These four short chapters Paul writes to the Philippians while he is in prison somewhere. Some people think he is in prison in Rome, others suspect an earlier imprisonment. The church in Philippi, which is not a wealthy community, has sacrificed several times in order to send Paul help, and this letter is a thank you note.
For a man in prison, Paul is in incredibly good spirits. He puts a good construction even on those who oppose him (those who are preaching Christ, but not from good motives), saying to the Philippians that it matters not what the motives are, only that people are preaching and hearing the gospel. While he is imprisoned, he also encourages them, for he considers that they too live in difficult circumstances (their poverty), and he tells them to look to Christ as they live together in community. So they are to serve each other, become slaves to one another, as Christ became a slave to us, in order to set us free.
Philippians 2:6-11 is often called "The Christ hymn", is could possibly be a quote from an early Christian hymn. It expresses the downward ascent of Jesus, who gave up equality with God to walk with us, even to each, and whose name is now exalted above every other name. This downward ascent Paul also notes is a mark of the Christian life.
Chapter three is memorable to me for a weird reason: because my uncle (amateur theologian) used to use it as an example of the colorful, earthy language in the Bible. In chapter three Paul is trying to describe that it is really true, he is really willing to give up everything, everything, for the sake of knowing Jesus and being found in him. He's not just willing to give up his sins and the things that weigh him down, but even the things thought valuable, his birthright as a Jew, his righteousness by the law. All these, Paul says, he counts as "loss", or "rubbish", compared to Christ. Except that he doesn't use the word "rubbish." He uses the Greek equivalent of the word "shit." At least, that's what my uncle told me, when I was an impressionable age. "We try to make Paul and Luther too genteel," he would say to me.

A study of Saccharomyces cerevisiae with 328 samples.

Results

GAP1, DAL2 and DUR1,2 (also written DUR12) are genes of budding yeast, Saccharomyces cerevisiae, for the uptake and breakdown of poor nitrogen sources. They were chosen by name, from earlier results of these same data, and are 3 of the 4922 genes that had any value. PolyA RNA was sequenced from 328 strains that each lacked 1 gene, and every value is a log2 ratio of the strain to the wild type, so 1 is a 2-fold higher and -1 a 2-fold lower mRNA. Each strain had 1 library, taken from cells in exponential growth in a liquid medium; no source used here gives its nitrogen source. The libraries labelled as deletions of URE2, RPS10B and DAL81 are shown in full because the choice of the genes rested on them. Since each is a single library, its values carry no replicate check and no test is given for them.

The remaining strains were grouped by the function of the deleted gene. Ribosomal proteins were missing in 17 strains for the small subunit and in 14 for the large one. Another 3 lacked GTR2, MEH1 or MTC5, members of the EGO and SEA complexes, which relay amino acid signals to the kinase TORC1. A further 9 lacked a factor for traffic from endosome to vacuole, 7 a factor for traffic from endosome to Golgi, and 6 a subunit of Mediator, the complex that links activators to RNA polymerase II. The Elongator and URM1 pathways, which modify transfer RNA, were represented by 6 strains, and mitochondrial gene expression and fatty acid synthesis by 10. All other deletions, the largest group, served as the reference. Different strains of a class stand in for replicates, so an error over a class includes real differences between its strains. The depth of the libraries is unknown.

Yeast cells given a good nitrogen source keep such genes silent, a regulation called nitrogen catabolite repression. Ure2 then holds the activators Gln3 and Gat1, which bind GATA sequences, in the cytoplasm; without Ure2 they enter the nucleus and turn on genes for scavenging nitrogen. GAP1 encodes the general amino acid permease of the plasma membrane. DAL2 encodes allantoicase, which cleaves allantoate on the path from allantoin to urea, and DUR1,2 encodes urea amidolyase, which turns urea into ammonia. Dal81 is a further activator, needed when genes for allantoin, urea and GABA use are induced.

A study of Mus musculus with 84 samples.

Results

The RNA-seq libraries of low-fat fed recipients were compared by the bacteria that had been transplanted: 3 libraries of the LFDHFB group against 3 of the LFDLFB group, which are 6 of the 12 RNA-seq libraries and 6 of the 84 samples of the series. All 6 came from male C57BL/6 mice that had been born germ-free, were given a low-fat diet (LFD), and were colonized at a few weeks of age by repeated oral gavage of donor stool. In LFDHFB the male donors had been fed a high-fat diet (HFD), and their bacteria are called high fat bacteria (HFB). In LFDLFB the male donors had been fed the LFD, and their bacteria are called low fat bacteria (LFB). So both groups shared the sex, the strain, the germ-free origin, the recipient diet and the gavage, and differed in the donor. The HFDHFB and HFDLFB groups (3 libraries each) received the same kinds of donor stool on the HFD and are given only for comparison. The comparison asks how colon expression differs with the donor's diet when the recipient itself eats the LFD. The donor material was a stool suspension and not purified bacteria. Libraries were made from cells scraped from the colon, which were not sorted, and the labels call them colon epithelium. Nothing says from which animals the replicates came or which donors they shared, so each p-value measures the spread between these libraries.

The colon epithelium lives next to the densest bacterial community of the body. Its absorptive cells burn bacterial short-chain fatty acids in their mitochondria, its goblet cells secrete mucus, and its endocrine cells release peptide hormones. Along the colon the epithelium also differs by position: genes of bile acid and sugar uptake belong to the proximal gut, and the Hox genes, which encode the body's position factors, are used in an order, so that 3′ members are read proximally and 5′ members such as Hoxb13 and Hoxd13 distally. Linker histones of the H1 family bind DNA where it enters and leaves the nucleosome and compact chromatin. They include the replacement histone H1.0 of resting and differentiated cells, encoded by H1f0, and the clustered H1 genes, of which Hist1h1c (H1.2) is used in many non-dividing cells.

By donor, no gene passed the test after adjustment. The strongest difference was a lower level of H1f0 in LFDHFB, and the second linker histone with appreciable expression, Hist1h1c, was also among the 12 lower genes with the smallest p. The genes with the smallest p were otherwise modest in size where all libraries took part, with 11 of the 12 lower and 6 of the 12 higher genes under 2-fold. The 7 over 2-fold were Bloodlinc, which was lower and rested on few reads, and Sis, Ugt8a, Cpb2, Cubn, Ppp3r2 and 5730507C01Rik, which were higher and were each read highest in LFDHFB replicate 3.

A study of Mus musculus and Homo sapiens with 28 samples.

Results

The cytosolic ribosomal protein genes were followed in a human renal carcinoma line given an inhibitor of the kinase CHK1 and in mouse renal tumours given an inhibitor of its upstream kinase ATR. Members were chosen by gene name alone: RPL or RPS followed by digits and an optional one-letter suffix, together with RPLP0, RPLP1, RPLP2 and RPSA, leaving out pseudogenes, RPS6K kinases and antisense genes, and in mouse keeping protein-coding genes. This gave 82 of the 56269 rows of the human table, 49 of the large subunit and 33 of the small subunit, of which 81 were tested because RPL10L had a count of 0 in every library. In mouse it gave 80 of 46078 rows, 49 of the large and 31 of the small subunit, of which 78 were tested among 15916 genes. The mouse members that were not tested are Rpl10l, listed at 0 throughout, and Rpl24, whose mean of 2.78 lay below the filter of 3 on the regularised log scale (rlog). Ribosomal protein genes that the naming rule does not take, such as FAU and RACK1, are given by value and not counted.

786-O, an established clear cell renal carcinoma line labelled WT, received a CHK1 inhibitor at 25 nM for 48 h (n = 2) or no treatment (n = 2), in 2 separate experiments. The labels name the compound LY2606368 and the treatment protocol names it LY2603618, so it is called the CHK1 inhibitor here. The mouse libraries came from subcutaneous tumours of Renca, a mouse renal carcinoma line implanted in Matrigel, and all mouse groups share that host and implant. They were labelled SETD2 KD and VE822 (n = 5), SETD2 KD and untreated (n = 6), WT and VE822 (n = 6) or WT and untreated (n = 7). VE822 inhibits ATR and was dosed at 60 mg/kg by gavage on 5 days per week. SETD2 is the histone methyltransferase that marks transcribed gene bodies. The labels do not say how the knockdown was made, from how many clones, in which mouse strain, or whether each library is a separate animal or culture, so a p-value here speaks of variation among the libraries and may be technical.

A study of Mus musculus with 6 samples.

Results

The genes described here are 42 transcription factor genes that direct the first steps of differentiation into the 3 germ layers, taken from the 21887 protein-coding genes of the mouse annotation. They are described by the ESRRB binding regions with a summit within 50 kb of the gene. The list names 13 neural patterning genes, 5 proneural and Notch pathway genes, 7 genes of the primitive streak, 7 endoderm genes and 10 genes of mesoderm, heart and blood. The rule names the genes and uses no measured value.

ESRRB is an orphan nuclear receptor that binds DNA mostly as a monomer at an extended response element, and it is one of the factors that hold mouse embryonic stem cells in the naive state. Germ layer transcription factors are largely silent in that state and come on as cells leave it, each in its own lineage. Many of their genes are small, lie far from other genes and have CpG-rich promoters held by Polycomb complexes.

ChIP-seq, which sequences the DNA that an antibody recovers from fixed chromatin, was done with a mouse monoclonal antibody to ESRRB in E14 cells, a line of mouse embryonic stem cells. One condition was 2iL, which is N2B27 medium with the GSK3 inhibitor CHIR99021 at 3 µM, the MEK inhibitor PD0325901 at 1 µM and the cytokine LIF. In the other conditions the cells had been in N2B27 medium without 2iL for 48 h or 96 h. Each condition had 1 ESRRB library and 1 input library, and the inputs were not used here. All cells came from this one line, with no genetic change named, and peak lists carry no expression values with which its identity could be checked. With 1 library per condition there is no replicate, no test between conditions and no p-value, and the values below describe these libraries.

There's a tantalizing little detail here about a couple of women named Syntyche and Euodia. They are (um) having a fight (even in the early church, there were fights). Paul takes a little time to tell them to find a way to agree in the Lord. For there is important work to do, and they are an important part of it (no mere women's work for Euodia and Syntyche).
Finally, Paul closes this letter with memorable words of Joy. We are tempted to consider Paul a Pollyanna, saying that he has learned how to be content with plenty, and with scarcity, that they should rejoice in the Lord always, that they should not worry about anything. He seems a sort of Pollyanna, telling them to "Accentuate the Positive, and Eliminate the Negative", until you remember that he is in prison. He is not telling them to put on a happy face. He's telling them to look all the reality of this life in the face, and still believe that God is with them, that God is blessing them, that God is near them.